First, it was pavlova, then the lamington. Now, it’s the lockdown measures to defeat a pandemic.
Normally when Australia steals things from New Zealand, it’s because we know it will make our lives better.
And Victoria is taking a note from their book with the Stage 4 lockdown.
Although there are some sharp differences – they didn’t have a curfew but were also not allowed to get takeaway food, there are a few things we can learn from our Kiwi cousins to make it through the restrictions.
Carly Drury, 38, lives in Wellington with her partner and three young kids.
She said the more you can relax into it, the better it will be.
“I liked it in a strange way. We were forced to slow down,” Ms Drury said.
“There were lots of cons. We’re a family of five – so three children under 10 trying to do homeschooling. Both of us work full time. We were lucky our employers let us work from home.
“I think my kids watched 10 hours of iPad a day.”
They made lunches in the morning for the kids, stopped stressing over homeschooling, started a diamond craft kit to keep busy in at night, and kept a routine.
“Definitely getting out every day helps,” Ms Drury said.
“I know you’re only allowed for an hour, but just a walk around the block killed time, and [provided] a change of scenery. Change is as good as a holiday.
“I found after week two, I just relaxed into it, almost accepted our fate.”
The best thing to do is pick up the phone and call a mate, she said.
“I made the effort to pick up the phone calls, lots of WhatsApp chats. I found speaking to people was really good for my mental health,” she said.
Yvonne Bonh, 36, and her partner both had their careers in tourism hanging in the air.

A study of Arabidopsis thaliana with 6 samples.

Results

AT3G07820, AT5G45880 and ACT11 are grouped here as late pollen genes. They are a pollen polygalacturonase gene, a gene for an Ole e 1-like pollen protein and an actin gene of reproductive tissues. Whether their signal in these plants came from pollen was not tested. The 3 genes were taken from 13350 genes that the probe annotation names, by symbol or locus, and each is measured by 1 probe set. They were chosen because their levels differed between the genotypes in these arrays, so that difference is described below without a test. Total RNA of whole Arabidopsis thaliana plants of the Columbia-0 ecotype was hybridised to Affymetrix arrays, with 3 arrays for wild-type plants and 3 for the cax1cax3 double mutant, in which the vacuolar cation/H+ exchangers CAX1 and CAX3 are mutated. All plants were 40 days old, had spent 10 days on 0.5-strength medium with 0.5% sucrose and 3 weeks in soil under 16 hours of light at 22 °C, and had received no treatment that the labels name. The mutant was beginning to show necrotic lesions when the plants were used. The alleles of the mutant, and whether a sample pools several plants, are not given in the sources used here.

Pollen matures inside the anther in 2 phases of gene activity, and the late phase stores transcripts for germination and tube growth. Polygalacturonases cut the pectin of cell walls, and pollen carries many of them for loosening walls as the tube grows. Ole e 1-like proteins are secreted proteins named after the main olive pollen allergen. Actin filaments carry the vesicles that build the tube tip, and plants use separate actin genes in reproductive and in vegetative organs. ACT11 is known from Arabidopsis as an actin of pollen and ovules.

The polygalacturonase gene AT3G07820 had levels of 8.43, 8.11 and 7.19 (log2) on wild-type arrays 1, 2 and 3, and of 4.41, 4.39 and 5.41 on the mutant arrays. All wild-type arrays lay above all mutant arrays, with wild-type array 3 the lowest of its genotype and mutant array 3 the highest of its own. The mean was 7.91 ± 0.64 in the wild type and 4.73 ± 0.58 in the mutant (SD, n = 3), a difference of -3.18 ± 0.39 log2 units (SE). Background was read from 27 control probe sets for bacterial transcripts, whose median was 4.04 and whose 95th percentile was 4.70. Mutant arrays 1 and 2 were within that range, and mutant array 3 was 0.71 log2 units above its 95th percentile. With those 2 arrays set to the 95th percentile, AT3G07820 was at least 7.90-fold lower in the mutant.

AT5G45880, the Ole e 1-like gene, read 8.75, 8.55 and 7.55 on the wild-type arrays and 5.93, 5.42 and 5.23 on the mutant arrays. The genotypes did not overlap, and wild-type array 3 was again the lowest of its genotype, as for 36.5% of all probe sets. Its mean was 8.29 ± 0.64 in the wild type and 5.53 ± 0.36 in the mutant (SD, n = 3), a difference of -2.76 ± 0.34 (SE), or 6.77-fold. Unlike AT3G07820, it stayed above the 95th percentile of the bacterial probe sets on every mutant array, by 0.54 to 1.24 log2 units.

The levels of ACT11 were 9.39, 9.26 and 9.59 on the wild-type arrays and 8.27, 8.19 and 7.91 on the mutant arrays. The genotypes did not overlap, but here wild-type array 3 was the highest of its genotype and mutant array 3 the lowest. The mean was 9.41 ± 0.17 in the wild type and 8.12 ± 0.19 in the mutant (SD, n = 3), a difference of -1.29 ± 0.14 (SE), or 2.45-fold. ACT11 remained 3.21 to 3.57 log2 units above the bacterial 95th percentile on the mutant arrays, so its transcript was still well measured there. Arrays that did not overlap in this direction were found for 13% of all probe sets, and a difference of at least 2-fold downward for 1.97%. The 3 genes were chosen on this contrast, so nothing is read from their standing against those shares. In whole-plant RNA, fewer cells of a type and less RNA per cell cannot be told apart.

She said the hardest part was managing everyone being home constantly, but they broke it up with fresh activities, exercising and Zoom hangouts to pass the time.
“I increased my running. That was time to myself every couple of days,” Ms Bonh said.
“Exercise helps. Getting the kids out and doing different things with them.
“One thing that was really helpful was scheduling regular social time. We started having Saturday night drinks on Zoom with a group of friends.
“Most of them also have small children and live in different cities to us, so in some ways, we became more social through lockdown, and we’re still doing the calls now, months later.
“I just want to say how much we feel for you all over there. It must totally suck to be in this situation, but you will get through it and if you all follow the rules it will get better.”
Writer and beekeeper Katherine Douglas, 27, said the social isolation was the hardest part.
To ward off boredom, she signed up to online courses, taught herself SEO and dug deep into cooking.
“I think the best thing is to try to make sure you don’t slip into doing nothing,” she said.
“I did that at first, slightly overwhelmed with how the world was seemingly falling apart and struggling to find any motivation. But that just makes it worse.
“I tried to see the positives instead and made sure to keep myself pretty busy. That being said, it is OK to have times to just relax and not force yourself to be productive.”